Andrei Voznesensky

Andrei Voznesensky bigraphy, stories - Soviet poet

Andrei Voznesensky : biography

12 May 1933 – 1 June 2010

Andrei Andreyevich Voznesensky ( May 12, 1933 – June 1, 2010) was a Soviet and Russian poet and writer who had been referred to by Robert Lowell as "one of the greatest living poets in any language." He was one of the "Children of the ’60s," a new wave of iconic Russian intellectuals led by the Khrushchev Thaw.

Voznesensky was considered "one of the most daring writers of the Soviet era" but his style often led to regular criticism from his contemporaries and he was once threatened with expulsion by Nikita Khrushchev. He performed poetry readings in front of sold-out stadiums around the world, and was much admired for his skilled delivery. Some of his poetry was translated into English by W. H. Auden. Voznesenky’s long-serving mentor and muse was Boris Pasternak, the Nobel Laureate and the author of Doctor Zhivago.

Before his death, he was both critically and popularly proclaimed "a living classic", and "an icon of Soviet intellectuals".

Personal life

Voznesensky was born in Moscow. His father was a professor of engineering, while his mother influenced him early on by reading poetry in his presence. His father worked during World War II. In his early life, Voznesensky was fascinated with painting and architecture, in 1957 graduating from the Moscow Architectural Institute with a degree in engineering. His enthusiasm for poetry, though, proved to be stronger. While still a teenager, he sent his poems to Boris Pasternak; the friendship between the two had a strong influence on the young poet, and he later described this relationship in "I Am Fourteen" – "From that day on, my life took on a magical meaning and a sense of destiny; his new poetry, telephone conversations, Sunday chats at his house from 2 to 4, walks—years of happiness and childish adoration". Pasternak, who died in 1960, paid him the ultimate tribute – "Your entrance into literature was swift and turbulent. I am glad I’ve lived to see it".

In later years Voznesensky became reclusive in nature. He suffered a stroke several years before his death. He is believed to have endured another stroke in early 2010.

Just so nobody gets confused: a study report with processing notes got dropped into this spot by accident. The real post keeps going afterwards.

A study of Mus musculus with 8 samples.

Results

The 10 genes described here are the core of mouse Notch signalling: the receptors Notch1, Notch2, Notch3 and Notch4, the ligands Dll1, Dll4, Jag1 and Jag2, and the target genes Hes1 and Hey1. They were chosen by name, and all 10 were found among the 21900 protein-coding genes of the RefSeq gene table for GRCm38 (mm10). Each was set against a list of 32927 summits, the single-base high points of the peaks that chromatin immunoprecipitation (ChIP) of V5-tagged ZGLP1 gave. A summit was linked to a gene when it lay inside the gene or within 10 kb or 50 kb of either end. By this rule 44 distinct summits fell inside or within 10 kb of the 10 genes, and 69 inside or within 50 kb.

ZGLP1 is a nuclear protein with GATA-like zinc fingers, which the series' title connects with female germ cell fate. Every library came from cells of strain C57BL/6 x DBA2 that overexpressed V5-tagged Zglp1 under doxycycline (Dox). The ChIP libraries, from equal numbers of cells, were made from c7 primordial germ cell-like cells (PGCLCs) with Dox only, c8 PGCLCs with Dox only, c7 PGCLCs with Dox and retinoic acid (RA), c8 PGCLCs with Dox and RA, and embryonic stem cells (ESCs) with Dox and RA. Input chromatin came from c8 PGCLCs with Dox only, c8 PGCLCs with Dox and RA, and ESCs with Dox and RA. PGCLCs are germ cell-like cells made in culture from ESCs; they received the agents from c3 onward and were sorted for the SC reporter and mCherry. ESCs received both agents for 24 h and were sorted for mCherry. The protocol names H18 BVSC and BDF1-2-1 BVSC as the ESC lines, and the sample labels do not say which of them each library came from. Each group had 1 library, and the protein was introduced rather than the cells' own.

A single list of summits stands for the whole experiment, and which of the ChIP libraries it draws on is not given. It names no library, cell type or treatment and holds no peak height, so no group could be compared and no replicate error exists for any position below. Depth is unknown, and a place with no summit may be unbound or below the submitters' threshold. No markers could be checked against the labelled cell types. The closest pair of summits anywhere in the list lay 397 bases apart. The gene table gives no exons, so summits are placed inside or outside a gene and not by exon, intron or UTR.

On June 1, 2010, Voznesensky died at the age of 77. The secretary of Russian Union of Writers, Gennady Ivanov, announced that he had died in his home in a peaceful manner. A cause of death went unprovided. Russian President Dmitry Medvedev wrote a letter of condolences. A telegram by Russian Prime Minister Vladimir Putin said Voznesensky had "truly become a person of dominant influence". Other senior Russian officials and cultural entities also offered many tributes.

Voznesensky’s wife, Zoya Boguslavskaya, outlived him. He was buried in the Moscow Novodevichi Cemetery on 4 June 2010.


Voznesensky’s style was considered different from his contemporaries in the Soviet Union.

His first poems were published in 1958, and these immediately reflected his unique style. His lyrics are characterized by his tendency "to measure" the contemporary person by modern categories and images, by the eccentricity of metaphors, by the complex rhythmical system and sound effects. Vladimir Mayakovsky and Pablo Neruda have been cited among the poets who influenced him most.

The Goya-inspired "I Am Goya" was an early Voznesensky effort, and went on to achieve considerable recognition for its impressions of the fear and horror attached to war, as demonstrated by its Russian metaphors and recurring "g" sounds. Another early poem, "Fire in the Architecture Institute", was inspired by a 1957 night fire at the Institute of Architecture in Moscow. Voznesensky later said: "I believe in symbols. I understood that architecture was burned out in me. I became a poet".

Voznesensky was one of several young Russian intellectuals whom Nikita Khrushchev invited to a reception hosted by the ruling Communist Party in December 1962. Khrushchev scathingly remarked on Voznesensky at the ceremony: "Just look at this new Pasternak! You want to get a [foreign] passport tomorrow? You want it? And then go away, go to the dogs! Go, go there". In 1963, his fame blossomed and he became "as popular as The Beatles" after Khruschev publicly and falsely branded him a pervert.